Asya Geisberg Gallery is proud to present Angelina Gualdoni’s fifth solo exhibition, Verso della Terra. Prompted by the artist’s botanical investigations in her preceding show The Physic Garden, the current paintings plunge beneath the ground into the rhizosphere - the layer of soil where roots grow. Here, the rhizosphere and the mycelium - a network which extends underground among fungal colonies and trees - become metaphors for interconnectedness, a non-hierarchical structure with incredible potency to communicate, provide nutrients, and spur growth.
The title of the exhibition translates to looking “towards the ground.” Gualdoni forages in the greater NYC area and takes daily walks around her studio neighborhood, using the same sort of scanning vision to look for bottle caps on the sidewalk as chanterelles in the wild. The consistency of this gaze - slowly sweeping, always on the alert for an interruption, taking in the entire atmosphere versus hyper focused on one sightline - extends into the studio. Each work pairs an unknowable space of liquid-based painting with linear natural elements. Gualdoni renders sinuous movement of root systems by printing with painted strings, setting them within expansive areas that symbolize the inchoate, the uncontrollable, the illegible.
In the past several shows Gualdoni has expanded the poured paint characteristic of her process into staining, painting, and patterning from the back of the canvas. As the articulation of space works from back to front, the subject matter plays with the mirroring and weaving between above and below, ground and air, root support and plantlife above. Compost and decay bring forth life, as Gualdoni’s elegiac and luminous paintings remind us not just of the earth’s but our own mortality.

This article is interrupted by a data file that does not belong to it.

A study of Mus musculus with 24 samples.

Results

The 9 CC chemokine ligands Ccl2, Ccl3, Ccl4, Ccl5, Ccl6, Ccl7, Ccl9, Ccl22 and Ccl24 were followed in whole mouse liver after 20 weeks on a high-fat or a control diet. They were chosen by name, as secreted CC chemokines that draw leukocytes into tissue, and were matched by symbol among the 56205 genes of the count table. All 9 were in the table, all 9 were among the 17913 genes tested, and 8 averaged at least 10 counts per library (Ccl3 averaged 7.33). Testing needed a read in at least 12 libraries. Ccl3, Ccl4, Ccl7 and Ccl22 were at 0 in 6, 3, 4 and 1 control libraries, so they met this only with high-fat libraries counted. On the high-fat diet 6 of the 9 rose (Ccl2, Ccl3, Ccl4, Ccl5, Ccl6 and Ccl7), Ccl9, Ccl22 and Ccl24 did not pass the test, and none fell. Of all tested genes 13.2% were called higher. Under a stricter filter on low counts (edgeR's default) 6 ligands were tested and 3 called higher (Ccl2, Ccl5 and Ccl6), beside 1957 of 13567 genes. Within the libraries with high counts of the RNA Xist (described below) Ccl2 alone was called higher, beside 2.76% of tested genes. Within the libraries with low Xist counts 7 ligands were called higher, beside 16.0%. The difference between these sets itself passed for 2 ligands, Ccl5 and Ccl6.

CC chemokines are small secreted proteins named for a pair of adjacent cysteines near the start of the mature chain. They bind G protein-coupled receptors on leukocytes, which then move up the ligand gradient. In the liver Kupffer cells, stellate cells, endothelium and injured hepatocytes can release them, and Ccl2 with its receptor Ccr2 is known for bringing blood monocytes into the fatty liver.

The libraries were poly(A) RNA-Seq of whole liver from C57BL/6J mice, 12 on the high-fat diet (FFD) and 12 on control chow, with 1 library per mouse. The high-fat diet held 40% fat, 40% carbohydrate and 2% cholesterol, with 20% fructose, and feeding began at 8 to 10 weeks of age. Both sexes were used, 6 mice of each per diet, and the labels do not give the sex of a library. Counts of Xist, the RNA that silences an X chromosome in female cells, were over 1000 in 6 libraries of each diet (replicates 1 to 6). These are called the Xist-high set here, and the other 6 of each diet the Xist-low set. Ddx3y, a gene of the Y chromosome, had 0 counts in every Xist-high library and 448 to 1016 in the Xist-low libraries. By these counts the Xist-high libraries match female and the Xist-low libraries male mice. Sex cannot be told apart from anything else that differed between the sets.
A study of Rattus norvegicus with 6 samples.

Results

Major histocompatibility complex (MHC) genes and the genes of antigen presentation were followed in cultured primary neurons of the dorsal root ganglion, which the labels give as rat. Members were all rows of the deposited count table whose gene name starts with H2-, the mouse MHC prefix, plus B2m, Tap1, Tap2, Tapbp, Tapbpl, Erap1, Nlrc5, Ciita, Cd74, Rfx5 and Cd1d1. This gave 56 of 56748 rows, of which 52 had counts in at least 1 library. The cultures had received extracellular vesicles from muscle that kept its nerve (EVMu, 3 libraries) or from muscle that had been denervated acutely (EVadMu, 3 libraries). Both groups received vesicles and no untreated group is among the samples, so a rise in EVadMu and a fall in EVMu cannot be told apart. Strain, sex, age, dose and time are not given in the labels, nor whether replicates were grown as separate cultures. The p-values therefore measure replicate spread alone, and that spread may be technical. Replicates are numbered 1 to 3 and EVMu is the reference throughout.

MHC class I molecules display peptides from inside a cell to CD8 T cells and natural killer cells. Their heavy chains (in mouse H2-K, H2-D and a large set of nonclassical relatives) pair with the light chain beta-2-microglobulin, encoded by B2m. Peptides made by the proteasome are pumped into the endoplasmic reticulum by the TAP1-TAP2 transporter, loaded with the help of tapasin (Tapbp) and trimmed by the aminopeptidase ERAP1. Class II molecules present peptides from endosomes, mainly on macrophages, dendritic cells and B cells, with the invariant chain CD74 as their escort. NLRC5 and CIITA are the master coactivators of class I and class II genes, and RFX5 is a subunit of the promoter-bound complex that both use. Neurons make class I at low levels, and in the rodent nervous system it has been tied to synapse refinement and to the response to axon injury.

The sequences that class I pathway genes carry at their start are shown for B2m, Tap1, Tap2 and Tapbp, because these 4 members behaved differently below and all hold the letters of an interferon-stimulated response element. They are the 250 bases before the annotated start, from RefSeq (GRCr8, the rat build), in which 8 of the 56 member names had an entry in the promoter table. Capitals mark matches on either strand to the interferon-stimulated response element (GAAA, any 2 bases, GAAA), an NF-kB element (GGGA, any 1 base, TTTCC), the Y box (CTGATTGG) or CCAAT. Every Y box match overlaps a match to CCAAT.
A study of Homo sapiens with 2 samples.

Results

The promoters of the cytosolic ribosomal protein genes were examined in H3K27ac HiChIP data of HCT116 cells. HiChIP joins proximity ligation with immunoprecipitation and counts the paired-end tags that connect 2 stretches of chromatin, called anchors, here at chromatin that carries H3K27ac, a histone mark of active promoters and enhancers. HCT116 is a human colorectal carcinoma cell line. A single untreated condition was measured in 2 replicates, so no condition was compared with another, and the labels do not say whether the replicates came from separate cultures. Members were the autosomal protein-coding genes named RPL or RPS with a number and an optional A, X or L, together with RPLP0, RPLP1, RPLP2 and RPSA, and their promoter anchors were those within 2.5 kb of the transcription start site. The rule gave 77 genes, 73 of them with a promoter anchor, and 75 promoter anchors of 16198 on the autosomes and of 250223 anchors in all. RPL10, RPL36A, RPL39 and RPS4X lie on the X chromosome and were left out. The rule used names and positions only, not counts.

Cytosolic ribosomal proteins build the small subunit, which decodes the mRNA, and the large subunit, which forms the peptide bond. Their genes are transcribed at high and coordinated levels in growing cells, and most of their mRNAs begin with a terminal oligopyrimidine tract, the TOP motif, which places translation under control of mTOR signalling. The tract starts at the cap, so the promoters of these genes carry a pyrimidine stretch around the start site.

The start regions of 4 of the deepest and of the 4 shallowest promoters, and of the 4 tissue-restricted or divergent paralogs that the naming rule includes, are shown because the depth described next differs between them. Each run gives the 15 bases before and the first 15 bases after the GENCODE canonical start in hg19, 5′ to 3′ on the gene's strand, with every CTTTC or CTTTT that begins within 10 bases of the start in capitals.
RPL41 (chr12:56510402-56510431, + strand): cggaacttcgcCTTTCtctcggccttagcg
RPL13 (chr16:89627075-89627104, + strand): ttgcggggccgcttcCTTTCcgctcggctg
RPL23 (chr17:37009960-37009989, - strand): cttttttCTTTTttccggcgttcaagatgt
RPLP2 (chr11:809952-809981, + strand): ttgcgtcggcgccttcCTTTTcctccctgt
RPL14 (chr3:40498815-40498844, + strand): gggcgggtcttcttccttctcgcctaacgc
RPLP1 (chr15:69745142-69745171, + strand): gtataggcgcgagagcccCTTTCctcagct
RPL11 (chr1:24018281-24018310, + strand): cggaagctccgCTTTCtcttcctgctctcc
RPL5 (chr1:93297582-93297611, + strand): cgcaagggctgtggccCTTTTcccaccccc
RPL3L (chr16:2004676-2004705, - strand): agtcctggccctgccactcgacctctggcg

At times, Gualdoni works with the picture plane in innovative ways, by placing the viewer inside the rhizome, as if spliced in cross-section, to show all the activity in the decomposing and hidden world. Influenced by Cubism’s fracturing of space, the artist pushes depictions of space, with her imaginary world shifting our gaze to all parts of the work. Horizon lines move in and out, rather than staying fixed. The expected figure/ground relationship fails to point our way. Expansive stained or poured areas could be macro- or microcosms, suns illuminate paradoxically cloudy skies.
Gualdoni started her painting career with decaying malls and buildings falling apart into pure paint. Having painted through successive narrative threads while always keeping the pour as her mainstay, the idea of decay has now come back in an unintentionally circular path. Gualdoni challenges us to see the constant cycle of death as a realm of abundance and activity, with resonance for multiple audiences, and visual glory for all.